High in the treetops of Borneo, there’s an ant with a deadly secret. It can explode.
On the outside, it’s just an inconspicuous, brownish-red ant. It lacks large mandibles, cannot sting, and generally seems like easy pickings for any predator with a rumbly in the tumbly.
But when these ants feel threatened, they raise up their rumps as a warning, says Alice Laciny, an entomologist with Natural History Museum Vienna in Austria who described the first new species of exploding ant since 1935 in the journal Zookeys.
Then, if the would-be attacker—a much larger weaver ant, say—doesn’t back off, one or more tiny ants bite down on it, angle their backsides in close, and flex so hard that their abdomens burst at the seams. By tearing themselves apart, the ants sacrifice themselves to protect the rest of the colony.
Fittingly, Laciny and her coauthors named the new ant Colobopsis explodens, though the ability to blow up is not the species’ only interesting attribute. For one, when they explode, the ants unleash a secretion that is bright yellow, sticky, and toxic. (Read about a beetle that shoots chemicals from its rear end to survive being eaten.)
What’s more, Laciny says, this lethal yellow goo has a distinct and not unpleasant smell that’s strangely reminiscent of curry.
Ant For One and One For Ant
Exploding ants have been known to science for more than a hundred years now, but they’re very rare, says Tomer Czaczkes, a behavioral ecologist specializing in ants at the University of Regensburg in Germany.
And while committing suicide to protect the colony seems a little extreme, it may make sense in the grand scheme of things.
Ants live in huge groups, says Czaczkes. This makes them an easy food source for innumerable predators.
It’s also why ants have evolved so many clever ways to defend themselves.
“Almost all ants can bite, sting, or spray formic acid,” says Czaczkes.
Some species, such as the turtle ants of Central and South America, can respond to danger by jumping off a branch and gliding back to a safe spot on the tree’s trunk. Others, like the trap-jaw ant, use their mandibles to catapult themselves to safety. (See how trap-jaw ants fling themselves away from danger.)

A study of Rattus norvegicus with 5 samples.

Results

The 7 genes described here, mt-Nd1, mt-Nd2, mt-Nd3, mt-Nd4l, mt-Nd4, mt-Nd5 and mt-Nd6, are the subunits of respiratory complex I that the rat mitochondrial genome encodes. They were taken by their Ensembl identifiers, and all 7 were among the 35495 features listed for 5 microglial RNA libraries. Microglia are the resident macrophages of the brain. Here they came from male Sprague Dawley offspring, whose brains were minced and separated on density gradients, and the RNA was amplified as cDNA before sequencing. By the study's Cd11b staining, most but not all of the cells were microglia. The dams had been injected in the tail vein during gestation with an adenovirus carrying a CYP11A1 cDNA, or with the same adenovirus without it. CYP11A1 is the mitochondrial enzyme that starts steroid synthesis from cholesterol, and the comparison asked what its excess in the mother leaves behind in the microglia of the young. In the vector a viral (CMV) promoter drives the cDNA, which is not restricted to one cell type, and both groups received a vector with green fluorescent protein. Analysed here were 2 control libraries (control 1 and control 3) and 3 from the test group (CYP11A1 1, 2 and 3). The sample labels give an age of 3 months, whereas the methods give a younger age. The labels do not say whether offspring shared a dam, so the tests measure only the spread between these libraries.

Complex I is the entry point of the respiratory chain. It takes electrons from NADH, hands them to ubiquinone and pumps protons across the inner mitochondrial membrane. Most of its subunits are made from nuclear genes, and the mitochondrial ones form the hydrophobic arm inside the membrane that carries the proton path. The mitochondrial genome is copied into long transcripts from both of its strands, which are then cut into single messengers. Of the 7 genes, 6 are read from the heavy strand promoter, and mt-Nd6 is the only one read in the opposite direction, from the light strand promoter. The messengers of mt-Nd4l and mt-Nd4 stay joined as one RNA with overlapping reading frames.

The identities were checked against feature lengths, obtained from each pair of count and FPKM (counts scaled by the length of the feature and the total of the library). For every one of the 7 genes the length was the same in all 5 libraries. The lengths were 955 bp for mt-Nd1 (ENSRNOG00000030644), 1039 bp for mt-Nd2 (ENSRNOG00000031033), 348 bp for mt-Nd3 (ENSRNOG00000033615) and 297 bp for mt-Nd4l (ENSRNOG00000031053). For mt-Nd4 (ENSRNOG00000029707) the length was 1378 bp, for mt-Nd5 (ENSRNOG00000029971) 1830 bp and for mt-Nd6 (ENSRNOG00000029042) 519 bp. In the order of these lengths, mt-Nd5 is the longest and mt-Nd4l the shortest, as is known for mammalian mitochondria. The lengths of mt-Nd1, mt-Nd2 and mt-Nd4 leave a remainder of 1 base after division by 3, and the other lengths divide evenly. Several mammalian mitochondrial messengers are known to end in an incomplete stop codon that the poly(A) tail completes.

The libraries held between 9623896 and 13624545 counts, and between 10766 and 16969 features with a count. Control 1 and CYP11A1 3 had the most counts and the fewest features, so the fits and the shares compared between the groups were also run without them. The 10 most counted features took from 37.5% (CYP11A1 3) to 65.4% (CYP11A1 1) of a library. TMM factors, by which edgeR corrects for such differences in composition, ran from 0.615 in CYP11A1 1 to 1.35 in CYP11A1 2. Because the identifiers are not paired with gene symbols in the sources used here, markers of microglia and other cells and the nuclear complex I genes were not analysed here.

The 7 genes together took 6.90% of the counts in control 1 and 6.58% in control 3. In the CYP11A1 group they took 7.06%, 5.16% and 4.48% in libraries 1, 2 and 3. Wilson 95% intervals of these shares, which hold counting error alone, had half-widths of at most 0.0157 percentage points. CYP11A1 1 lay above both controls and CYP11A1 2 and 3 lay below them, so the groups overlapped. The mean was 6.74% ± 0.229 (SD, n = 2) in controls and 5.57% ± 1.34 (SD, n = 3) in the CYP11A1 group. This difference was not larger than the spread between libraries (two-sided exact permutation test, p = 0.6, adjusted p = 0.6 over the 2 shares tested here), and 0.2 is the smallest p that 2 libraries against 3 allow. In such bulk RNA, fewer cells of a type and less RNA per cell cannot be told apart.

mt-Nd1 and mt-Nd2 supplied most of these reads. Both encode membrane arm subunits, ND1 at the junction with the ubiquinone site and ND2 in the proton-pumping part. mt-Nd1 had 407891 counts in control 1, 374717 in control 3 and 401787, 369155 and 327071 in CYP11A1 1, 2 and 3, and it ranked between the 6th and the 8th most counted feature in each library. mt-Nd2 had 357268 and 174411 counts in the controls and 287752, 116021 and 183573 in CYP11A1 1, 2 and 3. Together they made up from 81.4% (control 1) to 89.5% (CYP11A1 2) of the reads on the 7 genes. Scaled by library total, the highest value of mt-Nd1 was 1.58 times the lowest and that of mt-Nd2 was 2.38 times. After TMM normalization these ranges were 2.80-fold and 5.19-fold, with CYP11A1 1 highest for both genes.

Two wildebeest lock horns.
Self-sacrifice is also not unique to exploding ants, says Czaczkes. In fact, there’s a species of ant in Brazil that closes up its nests in the sand each night, presumably to prevent predators from finding the ants while they sleep. But in order to remove all trace of the nest above the surface, between one and eight workers stay outside to seal up the entrance.
By dawn, most will be dead.
Hold the Door
Another thing that’s unusual about exploding ants is their division of labor. Among most ants, the larger ants, or majors, do a lot of the defending and attacking. So it’s curious that in C. explodens, the smaller ants, or minors, are the ones with the defensive chemicals.
“Majors are rarely seen in the wild, as they usually remain inside the nest,” says Laciny, who is also completing a Ph.D. at the University of Vienna.
But the big lugs aren’t totally useless. Indeed, Laciny and her colleagues found that the majors have plug-shaped faces which they use to become living doorstops, barricading the nest entrance if the minors and their detonating derrieres can’t repel an attacker.
In her future work, Laciny aims to unravel more mysteries about the exploding ants, such as what exactly goes into their signature yellow goo and how the ants use coordinated explosions to take down larger attackers.
Unfortunately, the trees that exploding ants call home survive in some of the few intact rainforests remaining on Borneo, places where it rains in amounts “unimaginable to a person from Central Europe,” Laciny says.
“And it’s never quiet,” she adds. “You either hear the sound of rain or the singing of cicadas, birds, screaming monkeys.”
“It is really like a different world!”